Being from the South, Silver is a very big part of my life. It doesn't have anything to do with wealth. Although those with more money - old money, tend to have more of it. New money tend not to spend their money on Silver. They do not have the appreciation for the warmth of the metal, the beauty of the patina, the story it tells of the generations past who have used it. A true southern girl comes of age when she chooses her silver pattern, long before she chooses her mate. If she is smart, she chooses that of her mother, grandmother, or favorite great aunt who in their benevolence will pass their silver on to her. It is the pieces in those sets, the pieces on our tables, along with the pieces we find in the corners of the displays in antique stores that prompted me to start this blog. They are beautiful, they are odd, but what are they, and what in the hell do you do with them?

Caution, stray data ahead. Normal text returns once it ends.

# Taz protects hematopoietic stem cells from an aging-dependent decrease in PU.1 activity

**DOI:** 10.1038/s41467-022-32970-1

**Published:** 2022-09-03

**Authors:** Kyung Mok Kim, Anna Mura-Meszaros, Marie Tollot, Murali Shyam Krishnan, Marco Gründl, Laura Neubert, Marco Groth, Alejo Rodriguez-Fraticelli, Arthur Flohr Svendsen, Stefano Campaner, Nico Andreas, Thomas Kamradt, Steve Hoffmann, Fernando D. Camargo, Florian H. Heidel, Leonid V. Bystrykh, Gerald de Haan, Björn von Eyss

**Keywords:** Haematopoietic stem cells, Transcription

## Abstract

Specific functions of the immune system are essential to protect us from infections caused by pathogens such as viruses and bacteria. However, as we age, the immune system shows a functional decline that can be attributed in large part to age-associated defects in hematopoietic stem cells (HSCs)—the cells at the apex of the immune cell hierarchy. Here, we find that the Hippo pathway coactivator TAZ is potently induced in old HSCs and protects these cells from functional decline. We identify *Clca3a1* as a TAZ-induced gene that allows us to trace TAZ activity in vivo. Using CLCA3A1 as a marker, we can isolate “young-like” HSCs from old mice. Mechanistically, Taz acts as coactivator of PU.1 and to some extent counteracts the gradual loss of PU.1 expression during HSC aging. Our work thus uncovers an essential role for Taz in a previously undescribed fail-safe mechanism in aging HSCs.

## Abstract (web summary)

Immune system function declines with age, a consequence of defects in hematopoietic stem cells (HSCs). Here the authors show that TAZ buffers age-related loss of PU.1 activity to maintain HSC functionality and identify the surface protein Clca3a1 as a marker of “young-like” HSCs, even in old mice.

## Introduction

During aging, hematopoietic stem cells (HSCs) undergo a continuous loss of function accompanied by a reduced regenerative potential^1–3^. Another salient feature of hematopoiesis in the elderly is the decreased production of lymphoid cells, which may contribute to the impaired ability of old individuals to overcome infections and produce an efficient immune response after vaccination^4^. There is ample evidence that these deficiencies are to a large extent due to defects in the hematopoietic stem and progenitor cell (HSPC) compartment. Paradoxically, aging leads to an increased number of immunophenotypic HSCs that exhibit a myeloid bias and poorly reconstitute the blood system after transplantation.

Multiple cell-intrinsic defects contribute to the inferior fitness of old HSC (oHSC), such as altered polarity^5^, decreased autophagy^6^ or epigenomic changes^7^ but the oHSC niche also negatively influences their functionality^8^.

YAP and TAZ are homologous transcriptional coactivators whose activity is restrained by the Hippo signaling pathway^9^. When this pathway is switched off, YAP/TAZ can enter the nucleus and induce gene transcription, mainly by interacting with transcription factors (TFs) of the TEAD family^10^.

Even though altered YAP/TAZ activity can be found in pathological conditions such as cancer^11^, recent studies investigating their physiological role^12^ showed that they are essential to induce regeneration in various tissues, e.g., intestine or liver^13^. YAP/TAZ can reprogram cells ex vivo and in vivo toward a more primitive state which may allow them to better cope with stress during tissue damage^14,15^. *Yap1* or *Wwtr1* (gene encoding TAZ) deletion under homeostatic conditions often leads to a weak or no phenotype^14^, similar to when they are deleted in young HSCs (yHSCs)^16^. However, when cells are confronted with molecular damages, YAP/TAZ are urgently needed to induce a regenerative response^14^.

When I started looking at Ice Serving Tongs, I found that they were referred to as "Large" and "Small". However, there was little difference in the sizes and what was small in one pattern (6 3/4 inches) maybe be larger than what was called large in another (5 3/4 inches). Safe to say there is no standard. However, you will find some with "claws" which tend to be more ornate. I posted earlier about Ice Serving Pieces and about Various Tongs earlier also.
A very ornate piece, the Vegetable Serving Fork, which I have posted on earlier, usually has an extended shoulder that forms a partial bowl with thick tines at the end. Versailles by Gorham (8 3/4 inches)
Murillo was introduced by Wood and Hughes in 1875 (137 years ago). A "flat" design that has a heart shaped blank shield on the terminal suitable for engraving. This is surrounded by small flowers, leaves and other tiny designs. The stem is decorated as a column with lines, bars, and other emblems. The overall design is a very stately, yet feminine.